Anti-Jewish Laws of Pre-WW1 Nazi Germany

  • Enabling Act

    Enabling Act
    The Enabling Act allowed the leaders of Germany to get Germany out of its mess. It allowed the government to do anything they wanted, even if it went against the constitution. This allowed Hitler and the Nazis to perform various arrests and open concentration camps without any backlash. The Enabling Act made dictatorship look okay in the eyes of German citizens and the world.

    The timeline of Anti-Jewish laws in Nazi Germany.
  • Jewish Boycott

    Jewish Boycott
    Because of the many attacks on Jews, the Jewish began to boycott German products. This boycott enraged the Nazis, and they returned the favor by holding a boycott against Jewish businesses in Germany. The boycott caused a lot of negative attention from around the world, but rallied the German citizens against the Jews.
  • Aryan Law

    Aryan Law
    Aryan Law, the first official Anti-Jewish law, was passed. It stated that all Non-Aryans (the Jews) in civil services were to be expelled. Jews were fired from their jobs, and left with no work. Hitler claimed he did this because the Jews dominated Germany, which convinced many to believe the same. In reality, less than 1% of Germany was populated with Jews or non-Aryans.
  • Berlin Book Burning

    Berlin Book Burning
    People began to believe the Nazis and everything they said. At Berlin University, students and other German citizens burned the writing of "undesirable writers" as an act against the un-German spirit. 70,000 books were considered as writing by un-desirable writers (written by Jews) or looked at as praising the Jewish religion and were all burned.
  • Nuremberg Laws

    Nuremberg Laws
    Two parts to the Nuremberg Laws were passed.The first part was called "The Law for Protection of German Blood and German Honor." It stated that any relationship between Jews and Germans were forbidden. Jews were not allowed to display any German patriotism like displaying a flag or colors. The second part was called "The Reich Citizenship Law." It stated that only a full German had complete rights and were able to serve the people.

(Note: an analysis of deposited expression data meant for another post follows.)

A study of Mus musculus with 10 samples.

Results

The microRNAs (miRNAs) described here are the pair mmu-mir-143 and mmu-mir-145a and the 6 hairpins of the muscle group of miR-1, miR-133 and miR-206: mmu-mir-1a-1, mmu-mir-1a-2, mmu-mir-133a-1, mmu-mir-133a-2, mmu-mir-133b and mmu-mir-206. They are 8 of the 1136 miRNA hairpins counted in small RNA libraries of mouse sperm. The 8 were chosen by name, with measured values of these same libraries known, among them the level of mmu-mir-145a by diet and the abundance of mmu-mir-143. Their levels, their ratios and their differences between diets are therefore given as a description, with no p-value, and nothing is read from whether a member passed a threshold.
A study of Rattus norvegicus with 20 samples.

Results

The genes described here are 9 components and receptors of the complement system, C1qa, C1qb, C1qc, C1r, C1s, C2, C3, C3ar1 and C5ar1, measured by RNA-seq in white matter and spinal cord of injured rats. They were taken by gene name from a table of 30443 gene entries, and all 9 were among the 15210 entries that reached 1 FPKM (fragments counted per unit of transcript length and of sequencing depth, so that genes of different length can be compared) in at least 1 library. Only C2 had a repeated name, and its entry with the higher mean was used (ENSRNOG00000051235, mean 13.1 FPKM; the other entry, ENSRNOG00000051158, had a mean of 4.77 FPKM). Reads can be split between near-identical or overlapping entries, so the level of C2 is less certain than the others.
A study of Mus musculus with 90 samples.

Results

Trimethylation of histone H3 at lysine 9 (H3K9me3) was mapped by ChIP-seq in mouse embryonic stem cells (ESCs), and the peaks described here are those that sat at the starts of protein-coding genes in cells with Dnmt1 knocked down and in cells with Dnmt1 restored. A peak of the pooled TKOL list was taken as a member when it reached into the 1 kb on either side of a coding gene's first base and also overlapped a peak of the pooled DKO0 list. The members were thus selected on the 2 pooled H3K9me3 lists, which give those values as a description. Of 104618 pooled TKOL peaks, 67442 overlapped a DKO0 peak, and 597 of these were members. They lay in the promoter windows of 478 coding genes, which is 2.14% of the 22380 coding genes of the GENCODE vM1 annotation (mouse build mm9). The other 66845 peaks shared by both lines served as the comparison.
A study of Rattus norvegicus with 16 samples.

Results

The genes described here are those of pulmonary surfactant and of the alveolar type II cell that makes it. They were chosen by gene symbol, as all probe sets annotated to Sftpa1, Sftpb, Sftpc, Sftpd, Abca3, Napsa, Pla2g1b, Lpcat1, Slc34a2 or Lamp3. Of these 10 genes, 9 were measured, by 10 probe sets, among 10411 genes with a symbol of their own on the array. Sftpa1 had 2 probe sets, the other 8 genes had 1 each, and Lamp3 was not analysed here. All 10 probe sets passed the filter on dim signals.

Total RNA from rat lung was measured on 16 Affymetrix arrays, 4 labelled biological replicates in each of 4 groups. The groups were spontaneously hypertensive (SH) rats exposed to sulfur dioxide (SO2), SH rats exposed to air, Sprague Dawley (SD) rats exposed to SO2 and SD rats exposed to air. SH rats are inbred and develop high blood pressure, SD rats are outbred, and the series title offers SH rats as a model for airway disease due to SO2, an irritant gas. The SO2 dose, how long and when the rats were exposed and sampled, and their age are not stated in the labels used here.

• Law #174 - Jewish name change

    Law #174 - Jewish name change
    Jews were given recognizably Jewish names if they didn't have one, like Sarah or Isreal, so they would be easily identifiable. The government published a list of over one hundred Jewish names so the German citizens would be able to recognize them.
  • Jews Expelled

    Jews Expelled
    Over 7,000 Jewish people were expelled from Germany as a result of the Polish government's expulsion of the Jews. 17,000 Jews were expelled because of these actions. They were sent to live in stables and huts provided by the authorities on the borders of Poland and Germany.
  • Night of Broken Glass

    Night of Broken Glass
    A Jewish student shot a German official, and the Nazis used this to enleash a massacre on Jewish people and their properties. Homes and stores' windows were smashed, leaving glass all over the streets of Germany, giving the even the name 'Night of Broken Glass.' Synagogues were either blown up, or set fire to. Thousands were killed, and others were sent to concentration camps.
  • Jewish Star Requirement

    Jewish Star Requirement
    From the age of six, Jews had to wear a Jewish star when out in public. It was looked at as a 'mark of shame.' The star made the Jews easily recognizable when in the streets of Germany.